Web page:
Long Beach, CA - More than 800 people have participated in 15 listening sessions and community town halls, totaling more than 30hours, hosted by the City of Long Beach, as part of its development of a Framework for Reconciliation. Acknowledging the existence and long-standing impacts of systemic racism in Long Beach and the country, the initiative will provide a framework for engaging the public in a reconciliation process, internal process review and local action plan.
Beginning on June 12, the community also has been invited to provide more feedback to aid in the framework development via a community survey. So far, more than 280 people have responded to the survey, which is open through 5 p.m. Monday, July 20. The public also is encouraged to ask questions and offer additional input and recommendations by emailing EquityLB@longbeach.gov.
“This is a moment in our city and our country’s history that demands a recognition that systemic racism has had an impact on communities of color,” said Mayor Robert Garcia. “Myself and our City Council, along with our City Manager, have made equity and racial justice a priority, and we intend to deliver on this promise.” The Office of Equity—which was established by the Long Beach Department of Health and Human Services in 2017— recognizes the pressing need to pair the community listening feedback with institutional culture shifting and restructuring, thus prompting internal racial dialogues with Long Beach City Staff to determine how to build or shape systems that reflect the best interest of all of our community members.
“It is important that our leadership team really listens to and hears experiences of racial injustice and recommendations on how to address the persistent effects of government, economic and social systems that have structurally excluded Black and Indigenous people and people of color in Long Beach,” said City Manager Tom Modica. “The pain we are seeing from our community is real and needs to be heard and addressed with direct action.” The City is partnering with Dr. Amber Johnson from California State University, Long Beach, to analyze the information collected during the listening sessions and town halls. Dr. Johnson is an Assistant Professor in the Department of Health Science and has extensive experience in researching racial health inequities across the life span. The concerns and strategies put forward by the participants will inform the final policy, budgetary and programmatic recommendations. On June 23, 2020, the Long Beach City Council acknowledged racism as a public health crisis and adopted the Framework for Reconciliation, which includes the following four steps:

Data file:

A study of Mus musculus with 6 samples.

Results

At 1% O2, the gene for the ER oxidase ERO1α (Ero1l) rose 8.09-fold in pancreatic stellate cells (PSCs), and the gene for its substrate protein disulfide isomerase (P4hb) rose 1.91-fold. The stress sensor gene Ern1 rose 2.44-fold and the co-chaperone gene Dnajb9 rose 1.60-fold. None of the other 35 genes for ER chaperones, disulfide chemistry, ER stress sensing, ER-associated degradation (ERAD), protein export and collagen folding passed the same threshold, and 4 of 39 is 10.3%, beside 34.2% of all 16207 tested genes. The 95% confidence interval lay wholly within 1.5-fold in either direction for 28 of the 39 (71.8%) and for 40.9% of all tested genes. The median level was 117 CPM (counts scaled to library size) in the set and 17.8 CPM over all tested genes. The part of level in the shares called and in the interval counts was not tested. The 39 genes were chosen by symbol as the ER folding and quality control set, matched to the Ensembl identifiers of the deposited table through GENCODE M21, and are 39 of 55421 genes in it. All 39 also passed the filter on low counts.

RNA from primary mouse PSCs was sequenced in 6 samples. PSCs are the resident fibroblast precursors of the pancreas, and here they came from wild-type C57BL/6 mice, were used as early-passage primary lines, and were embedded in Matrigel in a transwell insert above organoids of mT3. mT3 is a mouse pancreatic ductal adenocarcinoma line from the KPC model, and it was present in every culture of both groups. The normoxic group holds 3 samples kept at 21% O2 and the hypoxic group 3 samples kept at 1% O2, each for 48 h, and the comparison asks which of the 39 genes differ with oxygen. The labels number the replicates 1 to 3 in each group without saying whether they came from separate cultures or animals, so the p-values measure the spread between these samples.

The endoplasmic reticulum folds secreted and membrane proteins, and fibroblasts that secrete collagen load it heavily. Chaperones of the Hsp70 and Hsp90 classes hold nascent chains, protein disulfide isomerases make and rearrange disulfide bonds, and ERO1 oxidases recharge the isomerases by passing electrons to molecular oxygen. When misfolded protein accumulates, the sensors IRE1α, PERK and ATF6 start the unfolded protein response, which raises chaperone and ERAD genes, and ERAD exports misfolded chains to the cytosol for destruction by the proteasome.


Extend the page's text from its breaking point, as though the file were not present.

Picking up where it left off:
Since the City Council action, the Office of Equity and City leadership have begun two of the four framework steps: acknowledging and listening. The City will continue working towards convening stakeholders and developing a set of recommendations for consideration by the City Council in August.
- Acknowledging the existence and longstanding impacts of systemic racism in Long Beach, and more specifically anti-Black racism.
- Listening to community members’ accounts and experiences of inequity and harm caused by racial injustice.
- Convening stakeholders to evaluate the feedback from the listening process and shape policy, budgetary, charter, and programmatic reform ideas.
- Catalyzing action by presenting immediate, short-term, medium-term, and long-term recommendations for the City Council to consider.
About the City of Long Beach
Home to approximately 470,000 people, the multiple award-winning and innovative City of Long Beach offers all the world-class amenities of a large metropolitan city while maintaining a strong sense of individual and diverse neighborhoods nestled together along the California coast. As a full-service charter city, Long Beach is home to the Queen Mary, Aquarium of the Pacific, several museums and theaters, a highly rated school district, Long Beach Airport and the Port of Long Beach. The City also has a highly respected university and city college, two historic ranchos, five hospitals, five golf courses, 171 parks, miles of beaches, marinas and bike paths.